For many college or sixth form students, results day is a crucial time that could help them progress onto the next stage of their academic life. There is some information you should read to ensure that you are fully prepared on that all-important morning.
This is great news for your second year at school or college; this means you did better than expected and have a good head start for next year. It also means that you can potentially look into the possibility of university adjustment (see more below), to see if you are eligible for a place at another university, you may even have better UCAS points this time around, too!
This is good news too. If you continue your hard work, you should be on track to achieving your expected grades next year.
These things happen, and you certainly won’t be alone in this. If this is the case, then you may want to look into the possibility of applying to university via Clearing (See more below).
This is where you can request to have your exam papers remarked. If you look at your marks, check to see if they were different from what you were predicted, or if you were only a handful of marks away from the next grade up. Remember, when papers are re-marked they can be marked up or down, and you could end up worse off in the process. Talk to your tutor or teacher before sending your papers off for a remark.
This is where you can re-sit your exam or paper if you don’t want to request a re-mark. It is best to talk to your tutor or teacher about requesting a resit, and if they believe it to be worthwhile, they will send it off for January or June, giving you enough time to study and prepare for the exam. Plenty of students choose to take a gap year after university anyway (If this is you, then you should always consider the pros and cons of a gap year first), but you can look into the possibility of retaking your exams during a gap year.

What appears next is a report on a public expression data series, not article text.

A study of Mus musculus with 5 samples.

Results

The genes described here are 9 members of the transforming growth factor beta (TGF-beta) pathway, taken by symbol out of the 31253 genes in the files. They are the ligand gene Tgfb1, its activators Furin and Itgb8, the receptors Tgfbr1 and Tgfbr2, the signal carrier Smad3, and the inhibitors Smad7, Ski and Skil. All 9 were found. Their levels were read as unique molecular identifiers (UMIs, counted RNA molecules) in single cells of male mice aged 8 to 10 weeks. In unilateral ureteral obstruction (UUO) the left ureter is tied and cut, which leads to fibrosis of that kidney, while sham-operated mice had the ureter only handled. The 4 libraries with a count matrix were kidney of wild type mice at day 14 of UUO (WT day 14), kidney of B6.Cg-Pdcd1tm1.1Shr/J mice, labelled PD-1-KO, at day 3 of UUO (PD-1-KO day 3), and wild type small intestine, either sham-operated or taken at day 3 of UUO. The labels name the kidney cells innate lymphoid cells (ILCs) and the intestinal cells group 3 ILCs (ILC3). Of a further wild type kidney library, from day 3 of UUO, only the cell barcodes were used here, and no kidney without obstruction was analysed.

Deciding which subjects to study at A2 level can be hard. The first thing to consider is to carry on the subjects that you enjoy the most, secondly, choose the subject that you did well in as there is a good chance you will continue to do well next year. Think carefully before choosing which subject to drop and if you find it hard to make a decision remember the workload that will come at A2 level. It can seem exciting to carry on all AS subjects but the majority of subjects are harder in the second year and many students find it extremely stressful to study more than three A2 levels.
Congratulations! This means you received the grades you were predicted and are able to go to your firm offer choice. Depending on the university the majority of institutions allow you to respond to their offer via UCAS Track unless they stated otherwise previously.
This means that you didn’t meet the requirements for your first choice university, but you have been offered a place at your second choice. Again you can update your status via UCAS Track and then wait to get your letter in the post.
If you have received better grades than predicted, you can change your first choice offer through university adjustment. You only get a limited time of five days to find another university or course choice so make sure you allow yourself enough time to research the universities.
If you received lower grades than predicted, you could still attend university by applying for courses that are still available through Clearing. Universities publish the courses that are still available, so allow yourself enough time to thoroughly research these.
Sometimes you may be offered another place on a different course from a university you applied for. You can choose to decline this offer within five days and choose your insurance offer, if they offered you a place, or go through Clearing.
You can also defer you university place until next year. This means your university will hold your place on the course until the following academic year. This is only once your grades have been received, and you achieved what you were predicted or higher. You should contact the university as soon as possible once you’ve made the decision. The majority of institutions will not mind that you wish to take a year off before studying at higher education, but in case they cannot keep your place, it will be best to withdraw your application and then re-apply next year.